17th Dec '12

My son is 5 and in Pre-k. Friday after the shooting, I asked him if he knew the safety drill in his school and told him to make sure to always listen to his teacher because fires could happen at any time or bad people can come hurt people anytime. I didnt want to emphasize on the shooting because I didn't think he would understand it and didn't see a reason to scare him. Well this morning when I was getting him ready for school, I told him I would miss him and I loved him and gave him a big ol hug. (I always tell him I love him and give him a hug!) Then he told me, "Don't worry, I am not going to die." My heart just sank! No 5 year old should have to think about if they are going to die or not. I don't know if he happened to catch something on the news while I thought he was occupied (he was in other rooms while it was on, so if he did, it had to have been when he was just running to grabbing a toy or drink, but he is so preoccupied in play that I didnt think he would hear or understand anything.), maybe our talk pointed out things that he knew more of than what I thought, or if it was just a coincidence. All I could think of when he said it was, you are right, you wont die and you have protectors all around you.
Now what though? He is only 5 and I don't want to scare him. Should I talk to him more, wait until he brings it up (perhaps if he hears more about it at school) , or what are you all doing or would do in this situation?

[JadeLee] 1 child; Minnesota 12190 posts
17th Dec '12

I guess I don't shelter my daughter.



What she learns she learns, and if she asks about it I answer any question she has.



I would probably ask why he made the comment about dying, and see if that leads anywhere.



DD is 3 though so she has asked nothing about it, She does watch the news with us and if she saw it and asked I would answer her.



IMO death shouldn't be such an odd thing to talk about, everybody dies.

♥♬♡ 2 kids; Pennsylvania 10385 posts
17th Dec '12

Omg :( made me cry, my daughter is not on school yet.

khigh 1 child; Fort Sill, Oklahoma 8101 posts
17th Dec '12

DD asked about it when we were watching the news this morning. We told her that there was a bad guy that hurt people, but that he was dead now and he couldn't hurt her now. It works for us because she already knows about death and dying, so that might not work for you.

user banned Indiana 33802 posts
17th Dec '12

Maybe just wait and see what he says to you. Answer him honestly, but in a way that wont scare him. The school may talk a little about it today. The schools my boys go to sent emails out over the weekend saying they are going to go over the safety plans and everything. Im sure my 11 year old will get talked to more than my 7 or 9 year old. The teachers are just going to reassure the kids they are safe, but make sure they know what to do in case of an emergency.



I talked to my kids about it Friday when they got home from school. I just told them what happened, and my 7 year old told me how sad that was. He said if someone did that in his school he would be sad if his best friend died. It put things into a different perspective for me since hes the same age as the kids that died. He wore green for the kids today. He was going to wear his new shirt he got for his birthday, but when he saw someone had posted something on my FB about wearing green and white he changed his mind.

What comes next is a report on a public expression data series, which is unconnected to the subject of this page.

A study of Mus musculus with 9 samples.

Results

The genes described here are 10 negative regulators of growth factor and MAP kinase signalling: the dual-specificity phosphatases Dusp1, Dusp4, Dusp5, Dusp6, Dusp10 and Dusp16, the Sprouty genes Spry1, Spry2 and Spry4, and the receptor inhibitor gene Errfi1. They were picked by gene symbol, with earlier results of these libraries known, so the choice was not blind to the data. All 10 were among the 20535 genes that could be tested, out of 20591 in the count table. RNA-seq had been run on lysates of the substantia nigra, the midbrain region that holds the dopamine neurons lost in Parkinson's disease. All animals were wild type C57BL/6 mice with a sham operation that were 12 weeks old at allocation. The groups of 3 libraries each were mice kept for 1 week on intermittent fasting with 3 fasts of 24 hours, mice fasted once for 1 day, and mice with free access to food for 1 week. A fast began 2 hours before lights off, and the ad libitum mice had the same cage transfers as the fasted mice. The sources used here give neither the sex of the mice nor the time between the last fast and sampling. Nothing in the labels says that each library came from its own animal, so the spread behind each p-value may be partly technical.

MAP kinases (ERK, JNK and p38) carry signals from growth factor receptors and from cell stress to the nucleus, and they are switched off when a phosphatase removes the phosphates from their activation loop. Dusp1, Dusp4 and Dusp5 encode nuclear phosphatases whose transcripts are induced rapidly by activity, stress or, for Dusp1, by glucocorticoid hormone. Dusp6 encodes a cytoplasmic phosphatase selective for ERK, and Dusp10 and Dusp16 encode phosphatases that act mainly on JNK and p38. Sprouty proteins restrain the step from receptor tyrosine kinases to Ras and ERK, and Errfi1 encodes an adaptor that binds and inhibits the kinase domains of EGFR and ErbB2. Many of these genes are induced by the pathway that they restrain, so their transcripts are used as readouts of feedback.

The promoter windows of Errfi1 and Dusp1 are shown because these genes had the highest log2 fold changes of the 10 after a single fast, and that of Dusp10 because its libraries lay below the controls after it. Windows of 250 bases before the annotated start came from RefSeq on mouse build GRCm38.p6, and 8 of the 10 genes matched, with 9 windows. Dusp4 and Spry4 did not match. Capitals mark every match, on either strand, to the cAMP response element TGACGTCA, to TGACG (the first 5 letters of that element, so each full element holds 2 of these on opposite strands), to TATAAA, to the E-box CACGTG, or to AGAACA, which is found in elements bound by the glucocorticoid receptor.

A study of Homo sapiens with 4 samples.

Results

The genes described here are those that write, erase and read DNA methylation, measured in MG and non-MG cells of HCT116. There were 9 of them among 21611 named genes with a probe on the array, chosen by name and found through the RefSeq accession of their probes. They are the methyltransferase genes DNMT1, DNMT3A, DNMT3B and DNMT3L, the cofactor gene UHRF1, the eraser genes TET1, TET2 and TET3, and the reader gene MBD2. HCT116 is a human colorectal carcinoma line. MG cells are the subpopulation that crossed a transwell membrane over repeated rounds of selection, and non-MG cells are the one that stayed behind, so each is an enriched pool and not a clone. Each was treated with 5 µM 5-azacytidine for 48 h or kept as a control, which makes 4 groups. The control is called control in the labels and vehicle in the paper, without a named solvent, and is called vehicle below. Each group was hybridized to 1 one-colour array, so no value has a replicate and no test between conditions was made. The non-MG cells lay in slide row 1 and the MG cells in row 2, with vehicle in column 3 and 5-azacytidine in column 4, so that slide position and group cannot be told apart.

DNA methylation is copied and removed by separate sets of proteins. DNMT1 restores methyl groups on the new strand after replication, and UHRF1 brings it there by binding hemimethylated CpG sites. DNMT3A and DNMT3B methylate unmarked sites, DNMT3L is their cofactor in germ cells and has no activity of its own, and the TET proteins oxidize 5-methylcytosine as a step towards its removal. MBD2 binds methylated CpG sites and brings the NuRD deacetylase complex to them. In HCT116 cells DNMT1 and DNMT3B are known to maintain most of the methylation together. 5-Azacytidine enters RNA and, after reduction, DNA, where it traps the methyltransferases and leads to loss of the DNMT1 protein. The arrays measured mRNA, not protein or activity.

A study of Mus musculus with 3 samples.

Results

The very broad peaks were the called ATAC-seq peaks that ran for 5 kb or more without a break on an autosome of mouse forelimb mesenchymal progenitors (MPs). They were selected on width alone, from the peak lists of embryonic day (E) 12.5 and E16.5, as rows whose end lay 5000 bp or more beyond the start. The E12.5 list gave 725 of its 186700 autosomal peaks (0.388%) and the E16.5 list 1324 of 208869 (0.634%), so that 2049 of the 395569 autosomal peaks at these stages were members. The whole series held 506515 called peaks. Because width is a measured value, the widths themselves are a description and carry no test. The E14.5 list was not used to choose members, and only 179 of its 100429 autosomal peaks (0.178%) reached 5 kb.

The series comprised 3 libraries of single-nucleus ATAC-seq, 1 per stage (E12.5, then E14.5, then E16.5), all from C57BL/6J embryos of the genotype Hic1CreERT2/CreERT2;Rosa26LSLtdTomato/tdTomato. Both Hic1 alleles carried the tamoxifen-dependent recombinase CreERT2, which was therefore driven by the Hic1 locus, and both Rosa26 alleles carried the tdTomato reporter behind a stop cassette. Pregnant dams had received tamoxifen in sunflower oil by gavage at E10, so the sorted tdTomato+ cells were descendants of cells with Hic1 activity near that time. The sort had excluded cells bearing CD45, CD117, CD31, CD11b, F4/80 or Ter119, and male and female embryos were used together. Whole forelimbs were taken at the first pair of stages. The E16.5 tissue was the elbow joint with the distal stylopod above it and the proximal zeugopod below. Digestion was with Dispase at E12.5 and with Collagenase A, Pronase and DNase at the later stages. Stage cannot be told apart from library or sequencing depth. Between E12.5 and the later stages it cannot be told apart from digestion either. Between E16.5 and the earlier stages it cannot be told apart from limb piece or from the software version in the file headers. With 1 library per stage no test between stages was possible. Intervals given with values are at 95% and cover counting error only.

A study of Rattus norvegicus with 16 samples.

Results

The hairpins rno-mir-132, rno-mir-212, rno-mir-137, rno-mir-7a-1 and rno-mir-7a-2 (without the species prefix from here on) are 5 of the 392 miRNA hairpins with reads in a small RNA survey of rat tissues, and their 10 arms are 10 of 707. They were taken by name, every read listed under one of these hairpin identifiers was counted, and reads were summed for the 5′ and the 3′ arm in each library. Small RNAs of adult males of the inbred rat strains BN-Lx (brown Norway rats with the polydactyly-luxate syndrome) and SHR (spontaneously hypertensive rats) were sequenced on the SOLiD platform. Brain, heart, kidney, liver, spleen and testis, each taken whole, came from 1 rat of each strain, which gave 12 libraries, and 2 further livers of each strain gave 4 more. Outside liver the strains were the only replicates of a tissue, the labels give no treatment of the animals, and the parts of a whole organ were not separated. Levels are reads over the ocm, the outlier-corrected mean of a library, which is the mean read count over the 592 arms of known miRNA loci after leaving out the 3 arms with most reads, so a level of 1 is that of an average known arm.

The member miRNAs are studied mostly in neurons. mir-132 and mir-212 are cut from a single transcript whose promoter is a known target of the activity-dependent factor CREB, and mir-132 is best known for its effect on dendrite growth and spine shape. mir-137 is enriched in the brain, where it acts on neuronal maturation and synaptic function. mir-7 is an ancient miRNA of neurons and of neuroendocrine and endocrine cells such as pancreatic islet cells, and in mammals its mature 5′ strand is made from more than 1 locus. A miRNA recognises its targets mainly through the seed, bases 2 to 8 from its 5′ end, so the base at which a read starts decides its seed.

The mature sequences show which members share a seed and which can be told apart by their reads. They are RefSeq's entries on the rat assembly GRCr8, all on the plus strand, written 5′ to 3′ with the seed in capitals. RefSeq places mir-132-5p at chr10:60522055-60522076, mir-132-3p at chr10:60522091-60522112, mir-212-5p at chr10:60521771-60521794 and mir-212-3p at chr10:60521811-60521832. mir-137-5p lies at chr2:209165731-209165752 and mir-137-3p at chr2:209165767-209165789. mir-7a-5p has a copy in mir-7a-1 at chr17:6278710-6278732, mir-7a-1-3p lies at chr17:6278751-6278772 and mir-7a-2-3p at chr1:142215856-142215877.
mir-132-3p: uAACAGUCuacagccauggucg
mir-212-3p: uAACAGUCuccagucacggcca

Jo&M 2 kids; Delaware 3311 posts
17th Dec '12

I went through safety procedures with my four year old, to start. He's known for a while what to do if he sees a gun, or someone comes into the building with one. He had an idea that some kids were shot at school, because his school went into lock down and I guess someone slipped the info to him. I told him straight out that some people are very sad and angry, and some times these people end up hurting others, including children. That it was something that was ok to be upset and scared about, and we should keep both the sad person and the people that were killed in our thoughts. I also explained to him that every one was working as hard as we could to keep him safe, and that he needs to remember what to do to in a scary situation to keep himself safe.



I think kids do pick up on a lot more than we think. I know that, at 4, he fully grasped what I explained to him, and could describe it back to me. I would always start by asking what he understands, what he heard, and if he's worried about anything. That gives a great gist of what needs to be said and what can be left alone until he's older.

IDID-VBAC 12/09 2 kids; Alaska 44106 posts
17th Dec '12

Read this link: http://www.nasponline.org/resources/crisis_safety/terror_general.aspx



It is very important to not change your life or shelter your children after something like what happened. This link is a wonderful resource and I encourage everyone to share it with other families.

*WishingUponAStar* 2 kids; 4 angel babies; Lawton, Oklahoma 18442 posts
17th Dec '12

Thank you all for the great advice! My son knows about dying and death. We go to his sister's grave together and have talked about it many times. We also have a gun in the house. We have it where he can not get to it, but we have told him that guns are not to play around with, they kill people, and to stay far far away from them or anyone who has one. Which is why him saying that could be a coincidence because death is a subject that does come up from time to time in our house. I definitely don't want him to be sheltered or scared! I have horrible anxiety about death (pretty sure I got it from losing my daughter when I almost died too) and am so afraid that I will teach him to where he ends up afraid like me and always worried. DH is usually the better one about not being afraid of anything and would probably do better in the situation, but he is deployed right now. (Which my son thinks DH is at work fighting bad guys, so he does know a little about bad guys too.)